It’s a familiar scenario by this point. An employee is asked to meet with HR. The employee does not know what to expect and is naturally a bit nervous about why he or she is meeting with HR. Once the employee enters the office or conference for the meeting, the HR person hands over a stack of papers to the employee to sign. “You’re being terminated,” the HR person says.
Maybe the company provides a reason for the termination. Maybe not. And maybe the employee is told that he or she must resign immediately by signing the agreement on the table. Or maybe the agreement provides for no severance, or maybe a few weeks are offered. Regardless, the employee at that moment has just been handed a contract and is being pressured, explicitly or implicitly, to sign immediately. And that contract has serious legal implications for the employee.
I review many severance agreements each month for newly terminated employees. Most of those people I meet with simply want to understand what they would be signing and what it all means. Many have never been fired before, and most have never seen a severance agreement. It’s all very new to them. So they seek out an attorney for advice.
In my previous post on the topic of severance agreements, I discussed the content and implications of the various terms contained in a standard severance agreement. In this post, I want to focus more on how an employee can respond to and negotiate severance agreements.
Option #1. Accept the severance agreement as written.
This option requires the employee to accept the offer of severance without trying to negotiate for anything more. Depending on the circumstances, this option might make the most sense. For example, after reviewing an employee’s work situation, I might very well determine that the employee’s termination was legal and the employee has no legal claims against the company. In that case, the employee has no leverage or bargaining power to use in negotiating for more severance, and simple acceptance of whatever is offered would be best. Otherwise, the employee would simply be going back to the employer to say, “Please, sir, I want some more.” Not the strongest argument for free money.
Option #2. Reject the offer.
In this scenario, the employee may decide that the company will not offer enough money in severance to justify releasing the employee’s legal claims against the company. Or the employee may have a desire to tell the world about the wrongful actions of the company as a means of holding the company accountable to the public for certain actions (or even perhaps as a form of emotional catharsis or release). The employee can explicitly reject the offer or simply ignore the offer and allow it to lapse.
Option #3. Negotiate severance.
The final option is to negotiate for more severance. Remember, a company is not giving away severance for free . The company is BUYING something specific; in this case, a release of the employee’s legal claims. In exchange for paying the employee some amount of severance, the company requires the employee to sign the severance agreement containing a release of legal claims. That means the employee has to give up any right to sue the company for any reason. Now, if the employee has NO legal claims, then the company is not purchasing much of value (save, perhaps, peace of mind when it comes to lawsuits from employees).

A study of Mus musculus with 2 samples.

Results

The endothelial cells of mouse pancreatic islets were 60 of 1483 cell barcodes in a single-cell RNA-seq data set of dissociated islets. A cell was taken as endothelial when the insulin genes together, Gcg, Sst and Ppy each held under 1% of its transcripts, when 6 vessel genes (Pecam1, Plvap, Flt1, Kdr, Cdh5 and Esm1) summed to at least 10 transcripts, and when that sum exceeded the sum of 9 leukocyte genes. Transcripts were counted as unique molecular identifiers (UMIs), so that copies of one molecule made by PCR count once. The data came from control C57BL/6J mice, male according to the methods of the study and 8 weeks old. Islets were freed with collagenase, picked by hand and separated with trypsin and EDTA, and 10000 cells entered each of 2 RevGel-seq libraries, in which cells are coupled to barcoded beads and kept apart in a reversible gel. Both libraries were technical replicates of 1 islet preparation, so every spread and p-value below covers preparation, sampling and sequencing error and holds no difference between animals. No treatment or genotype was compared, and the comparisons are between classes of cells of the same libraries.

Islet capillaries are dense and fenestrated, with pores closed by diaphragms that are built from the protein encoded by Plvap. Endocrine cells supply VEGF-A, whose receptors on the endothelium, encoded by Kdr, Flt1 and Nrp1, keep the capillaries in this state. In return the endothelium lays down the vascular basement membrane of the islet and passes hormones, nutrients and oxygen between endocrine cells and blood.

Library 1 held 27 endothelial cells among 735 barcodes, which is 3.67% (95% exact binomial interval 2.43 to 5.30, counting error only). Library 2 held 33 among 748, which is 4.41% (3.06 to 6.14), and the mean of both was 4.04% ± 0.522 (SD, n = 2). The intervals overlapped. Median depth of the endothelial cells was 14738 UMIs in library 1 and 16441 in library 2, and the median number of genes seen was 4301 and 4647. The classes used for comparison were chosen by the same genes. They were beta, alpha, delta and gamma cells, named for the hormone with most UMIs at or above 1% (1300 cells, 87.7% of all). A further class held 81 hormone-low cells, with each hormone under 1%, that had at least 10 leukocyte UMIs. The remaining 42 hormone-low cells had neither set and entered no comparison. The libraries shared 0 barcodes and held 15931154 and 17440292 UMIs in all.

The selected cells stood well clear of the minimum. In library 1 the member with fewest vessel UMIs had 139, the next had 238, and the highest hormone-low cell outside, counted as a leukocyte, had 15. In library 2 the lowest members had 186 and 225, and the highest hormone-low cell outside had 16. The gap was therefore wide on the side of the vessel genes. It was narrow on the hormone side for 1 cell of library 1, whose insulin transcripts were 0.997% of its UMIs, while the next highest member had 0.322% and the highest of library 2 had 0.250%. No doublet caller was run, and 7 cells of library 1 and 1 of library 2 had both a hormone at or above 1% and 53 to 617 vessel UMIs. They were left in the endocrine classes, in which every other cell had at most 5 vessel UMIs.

However, if the employee has viable legal claims, then the employee does have something of value to offer in exchange for that release of claims. The release, in other words, just became far more valuable.
For example, in reviewing the facts of an employee’s termination, I may come across facts that indicate that the employee was wrongfully misclassified under the Fair Labor Standards Act. That means the employee should have been getting paid overtime, but the company called him “exempt” or not entitled to overtime pay. So the employee worked for years under the assumption that he should not be getting overtime. Once I discover that the employee was misclassified under the FLSA, the employee has a legal claim for unpaid overtime pay. The employee would have every right to file a lawsuit immediately seeking payment of illegally withheld overtime pay and seek a trial by jury in state of federal court. That potential lawsuit just became leverage to negotiate for more severance. And if the company does not wish to negotiate, then a lawsuit they shall get.
As another example, the employee may suspect that the termination was based on a discriminatory reason, such as age, race, religion, national origin, sex, or disability. If the employee has specific facts to support unlawful discrimination, then those facts can be turned to bear upon the company in our negotiations. Obviously, the stronger the evidence of discrimination, the stronger the employee’s position will be in negotiating the severance agreement.
A great deal also depends on the value of the employee’s claim. An unpaid overtime claim for $500 would not strike too much fear into the heart of an employer, while a class action affecting dozens of employees might. The facts of each employee’s specific scenario will drive the negotiations. The company is simply analyzing and buying off risk–the risk of being sued . . . and the risk of losing that lawsuit. That risk provides the leverage for an employee (or the employee’s newly retained lawyer) to ensure that no money is being left on the table.
Ultimately, the important thing for an employee in South Carolina to remember (besides my email address) is that you should never sign a legal document without understanding what every word in it means. Speaking with an attorney will provide you, as the employee, with the knowledge and assistance you need to make a good decision. Don’t let an HR manager’s pressure tactics goad you into making an uninformed decision.